By Cheryl Bolen
If the former Lady Diana Spencer had never become the world's most
famous woman, her ancestor's London town home would still be one of the
most significant sites in what is surely the world's greatest city.
In 1985 the 200-plus-year-old mansion was acquired by the
fabulously wealthy J. Rothschild Administration and thus fell out of the
Spencer family, which still uses the house for occasional entertaining.
The house is open to the public for one-hour guided tours only on
Sundays ten months ofthe year. (Tours are not given in August and
Under the chairmanship of Lord Rothschild, the house has been
expertly restored to the same condition it was when it was built by the
extravagantly rich first Earl Spencer in the last half of the 18th
Part of the house (not on tour) is used as offices; the rest is
decorated with magnificent furnishings and paintings of the era and is
designed as a place to hold entertainments in a historical setting.
And what a setting it is! The massive casement windows at the rear
of the mansion all give out to Green Park and a view that has likely
remained unchanged for two centuries. The front entrance is on the
exclusive St. James Place just around the corner from White's Club
(where Prince Charles is a member).
The splendors inside the house befit the first earl, who inherited
the fortunes of his great grandmother Sara, Duchess of Marlborough, and
his grandfather, the Third Earl of Sunderland. One of the richest men in
the kingdom on his twenty-first birthday, the First Earl Spencer married
his childhood sweetheart and commissioned Spencer House, where he and
his loving partner lived happily until their deaths. He was so wealthy,
the diamond buckles on his honeymoon shoes were valued at 30,000 pounds!
Spencer House was recognized as one of the most ambitious private
palaces ever built in London. Rooms on the tour include the morning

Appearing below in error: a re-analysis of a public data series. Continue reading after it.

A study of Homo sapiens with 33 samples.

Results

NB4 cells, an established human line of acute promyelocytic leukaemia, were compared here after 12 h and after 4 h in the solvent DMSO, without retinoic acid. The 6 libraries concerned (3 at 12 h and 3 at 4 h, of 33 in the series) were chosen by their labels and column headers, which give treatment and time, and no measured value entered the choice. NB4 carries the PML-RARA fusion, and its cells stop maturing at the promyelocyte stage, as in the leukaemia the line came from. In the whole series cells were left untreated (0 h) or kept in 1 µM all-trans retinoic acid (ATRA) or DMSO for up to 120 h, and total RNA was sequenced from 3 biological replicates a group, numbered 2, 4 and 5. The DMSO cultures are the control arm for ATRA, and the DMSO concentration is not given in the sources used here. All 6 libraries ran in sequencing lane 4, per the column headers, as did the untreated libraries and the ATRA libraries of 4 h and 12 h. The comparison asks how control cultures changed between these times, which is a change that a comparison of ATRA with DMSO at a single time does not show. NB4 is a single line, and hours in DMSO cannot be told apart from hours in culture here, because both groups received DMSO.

room, the ante room, the library, the dining room, the music room, the
palm room, Lady Spencer's private drawing room, the great room and the
It is thought the morning room was where visitors waited and where
Lord Spencer conducted business. It is in the front of the house, the
first room to the left from the entry stair hall.
Across the hall is the ante room, a grandly gilded room where it
is thought the family may have taken meals when not entertaining.
The large dining room is noted for its columns of polished Sienna
marble. Upstairs is Lady Spencer's red drawing room, along with the cozy
music room and the great room where balls were held.
The town house's two most remarkable rooms are the palm room and
the painted room. Carved and heavily gilded palms form columns lining
the palm room, where gentlemen retired after dinner while the ladies
climbed the stairs to Lady Spencer's drawing room. A reputed beauty who
experienced the rarity of a happy marriage, Lady Spencer furnished her drawing room with
a game table and a baroque gilded desk.
The painted room, which took six years to complete, is said to be
among the most famous 18th century interiors in England. There are
garlands of flowers and roses and paintings covering the walls and
ceilings. Many of the festive scenes are painted directly on the wall's
plaster; others are painted on canvas then applied to the wall and
framed in gold.
The library is modest by English standards but wonderfully cozy
with its asparagus green walls and dark woods.
Three lavish living floors are topped by a much smaller,
dormer-windowed fourth floor, where the servants resided. The kitchen
was located in the basement.
For those interested in the Regency period, a visit to Spencer
House (27 St. James Place) is a must. The nearest tube stop is Green
Park. Hours are on Sundays from 10:45 to 4:45. and admission is 6
pounds. Tours begin every 15 minutes. Children under 10 are not allowed.
This article was first published in The Quizzing Glass in April 1999.